Munnabhai’s Gandhi vs. Mohandas K. Gandhi
This is a comment I wrote in response to Amey’s post his blog : Happy Birthday, Bapu
While there is no doubt that Gandhi played a role in the freedom movement in India, there are several controversial facts about the man’s political and personal life that unravel a level of hypocrisy in his preachings.
To begin with the socio-political, several documentaries(you may watch one here http://video.google.com/videoplay?docid=6721307153994157269) and reports of the area will state that Gandhi completely and utterly failed in relating to the the Islamic minority in the country.
It has been proposed that Gandhi’s pseudo-secularist policies, in holding religious ceremonies and prayers publicly, but at the same time claiming to embrace all religions was a decisive alienating factor to the minority religions in India, leading to the partition of the British Indian Empire. Jinnah, who is often considered the cause of “breaking India up”, was perfectly legitimate in demanding the creation of a new state as , technically, there _was_ no India before Aug 15, 1947. What was required here was a comibnation of strategic strong arming which Nehru and Patel performed so effectively in cases like Nagaland and Hyderabad, but Gandhi was apparently no strategist.
It is perhaps a self-contradiction but to Gandhi’s credit, he has in his speeches conceded many times
in dire circumstances “war may have to be resorted to as a
India’s Nobel Prize-winning poet, Rabindranath Tagore, had sensed a
strong current of nihilism in Gandhi almost from his first days, and as early as
1920 wrote of Gandhi’s “fierce joy of annihilation,” which Tagore feared would
lead India into hideous orgies of devastation–which ultimately proved to be the
case. Robert Payne has said that there was unquestionably an “unhealthy
atmosphere” among many of Gandhi’s fanatic followers, and that Gandhi’s habit of
going to the edge of violence and then suddenly retreating was fraught with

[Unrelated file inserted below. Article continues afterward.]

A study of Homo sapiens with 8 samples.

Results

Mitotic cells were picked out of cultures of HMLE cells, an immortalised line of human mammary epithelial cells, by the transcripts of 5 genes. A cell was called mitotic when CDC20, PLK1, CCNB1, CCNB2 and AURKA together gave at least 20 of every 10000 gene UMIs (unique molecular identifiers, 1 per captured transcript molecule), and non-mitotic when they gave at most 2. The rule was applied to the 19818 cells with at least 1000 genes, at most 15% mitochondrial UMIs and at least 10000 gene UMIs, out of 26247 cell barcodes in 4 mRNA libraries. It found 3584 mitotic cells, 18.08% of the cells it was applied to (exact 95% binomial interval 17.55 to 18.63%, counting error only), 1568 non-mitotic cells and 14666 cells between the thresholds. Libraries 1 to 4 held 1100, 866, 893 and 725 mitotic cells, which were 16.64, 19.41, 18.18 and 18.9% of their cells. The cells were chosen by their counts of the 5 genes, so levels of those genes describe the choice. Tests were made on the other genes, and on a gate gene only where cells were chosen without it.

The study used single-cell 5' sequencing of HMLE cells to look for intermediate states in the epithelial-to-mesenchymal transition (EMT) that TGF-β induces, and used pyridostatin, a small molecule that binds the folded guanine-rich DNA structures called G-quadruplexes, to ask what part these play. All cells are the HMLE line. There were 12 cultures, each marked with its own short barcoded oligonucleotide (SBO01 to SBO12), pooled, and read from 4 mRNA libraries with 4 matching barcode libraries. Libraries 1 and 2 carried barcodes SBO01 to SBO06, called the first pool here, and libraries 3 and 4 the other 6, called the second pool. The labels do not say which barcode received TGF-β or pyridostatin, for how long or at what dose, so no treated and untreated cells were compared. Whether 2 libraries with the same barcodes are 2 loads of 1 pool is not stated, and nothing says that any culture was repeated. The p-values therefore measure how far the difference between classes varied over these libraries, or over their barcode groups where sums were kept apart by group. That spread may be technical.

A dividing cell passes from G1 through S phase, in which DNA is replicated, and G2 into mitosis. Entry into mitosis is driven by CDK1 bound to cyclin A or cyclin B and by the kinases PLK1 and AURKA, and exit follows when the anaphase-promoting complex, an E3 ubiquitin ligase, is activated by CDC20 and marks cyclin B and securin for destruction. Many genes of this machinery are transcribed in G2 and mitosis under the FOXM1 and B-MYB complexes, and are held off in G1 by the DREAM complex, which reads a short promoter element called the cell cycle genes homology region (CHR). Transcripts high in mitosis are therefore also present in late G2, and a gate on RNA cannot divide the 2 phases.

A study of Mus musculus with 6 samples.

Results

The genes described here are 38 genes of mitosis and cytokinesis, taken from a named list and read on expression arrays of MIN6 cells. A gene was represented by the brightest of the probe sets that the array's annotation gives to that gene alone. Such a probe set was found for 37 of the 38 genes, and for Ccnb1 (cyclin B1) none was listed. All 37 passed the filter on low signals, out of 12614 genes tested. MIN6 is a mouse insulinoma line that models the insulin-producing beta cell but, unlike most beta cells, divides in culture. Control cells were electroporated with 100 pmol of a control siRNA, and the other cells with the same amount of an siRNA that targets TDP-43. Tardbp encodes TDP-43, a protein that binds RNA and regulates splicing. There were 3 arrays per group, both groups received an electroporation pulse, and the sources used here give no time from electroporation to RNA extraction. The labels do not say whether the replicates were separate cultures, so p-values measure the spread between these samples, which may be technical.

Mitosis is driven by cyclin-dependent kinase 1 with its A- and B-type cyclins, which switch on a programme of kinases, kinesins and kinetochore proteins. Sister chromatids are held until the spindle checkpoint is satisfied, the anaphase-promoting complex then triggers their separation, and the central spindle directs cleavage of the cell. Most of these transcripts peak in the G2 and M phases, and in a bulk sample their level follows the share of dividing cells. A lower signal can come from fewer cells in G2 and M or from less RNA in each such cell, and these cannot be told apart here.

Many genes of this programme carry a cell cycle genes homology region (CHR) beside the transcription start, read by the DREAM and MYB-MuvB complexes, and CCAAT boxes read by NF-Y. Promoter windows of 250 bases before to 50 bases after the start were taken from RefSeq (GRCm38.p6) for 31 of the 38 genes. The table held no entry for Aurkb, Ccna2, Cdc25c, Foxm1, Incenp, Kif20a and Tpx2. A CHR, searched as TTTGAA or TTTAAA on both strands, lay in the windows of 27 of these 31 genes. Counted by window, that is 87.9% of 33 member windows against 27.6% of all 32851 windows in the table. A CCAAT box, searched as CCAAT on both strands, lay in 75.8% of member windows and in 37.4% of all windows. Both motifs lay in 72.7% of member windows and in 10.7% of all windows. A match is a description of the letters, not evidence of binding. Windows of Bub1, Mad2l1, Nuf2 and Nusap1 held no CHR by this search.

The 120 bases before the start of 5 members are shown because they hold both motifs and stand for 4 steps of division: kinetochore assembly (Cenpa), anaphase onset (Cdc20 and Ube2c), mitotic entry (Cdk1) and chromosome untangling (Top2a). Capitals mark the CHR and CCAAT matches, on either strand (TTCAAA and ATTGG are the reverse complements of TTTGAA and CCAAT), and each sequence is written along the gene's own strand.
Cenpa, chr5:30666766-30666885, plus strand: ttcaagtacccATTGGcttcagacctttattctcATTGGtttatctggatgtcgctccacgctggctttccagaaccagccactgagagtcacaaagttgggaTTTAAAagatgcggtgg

danger. “In matters of conscience I am uncompromising,” proclaimed Gandhi
proudly. “Nobody can make me yield.” The judgment of Tagore was categorical.
Much as he might revere Gandhi as a holy man, he quite detested him as a
politician and considered that his campaigns were almost always so close to
violence that it was utterly disingenuous to call them nonviolent.
It is interesting as well to note that in 1893, Gandhi is a “caste” Hindu, and from one of the higher
castes. Although, later, he was to call for improving the lot of India’s Untouchables, he was not to have any serious misgivings about the fundamentals of the caste system for about another thirty years. To my way of thinking the caste system in India was a greater oppressor of the masses than the British Empire ever could be.
While in South Africa, Gandhi fought furiously to have Indians
recognized as loyal subjects of the British empire, and to have them enjoy the
full rights of Englishmen, he had no concern for blacks whatever. In fact,
during one of the “Kaffir Wars” he volunteered to organize a brigade of Indians
to put down a Zulu rising, and was decorated himself for valor under fire.
Now to turn to Gandhi’s personal life. I make no moral judgements on Gandhi’s actions, but I think those who revere him might.
Richard Grenier, noted in 1983, with utter disgust the following :
“(I could not imagine)…Gandhi’s pretty teenage girl followers fighting “hysterically” (the
word was used) for the honor of sleeping naked with the Mahatma and cuddling the
nude septuagenarian in their arms. (Gandhi was “testing” his vow of chastity in
order to gain moral strength for his mighty struggle with Jinnah.)”
“Nor, frankly, did I expect to see Gandhi giving daily
enemas to all the young girls in his ashrams (his daily greeting was, “Have you
had a good bowel movement this morning, sisters?”), nor see the girls giving him
*his* daily enema.”
Sigmund Freud may have a word or two to say about that.
Because the rant is getting a bit too long to be of any interest to your readers, I am going to let it go. Though I hope to have made the point, the poster-Gandhi is the pious man that many Indians revere. The real Gandhi was an erratic, self-contradicting, deeply prejudiced man, and autocratial who was not in as much control of his instincts as many would have us believe.
The historical distortion in Gandhi’s image and his susequent dietification is not new. It seems similar to Krishna’s story – where his praised as a diety while his numerous extra-marital sexual encounters with the Gopis are restricted only to temple carvings in our country.
what I wonder about is – was Gandhi really a failed strategist? If one assumes that Gandhi was working for self-glorification, he seems to be a strategic genius.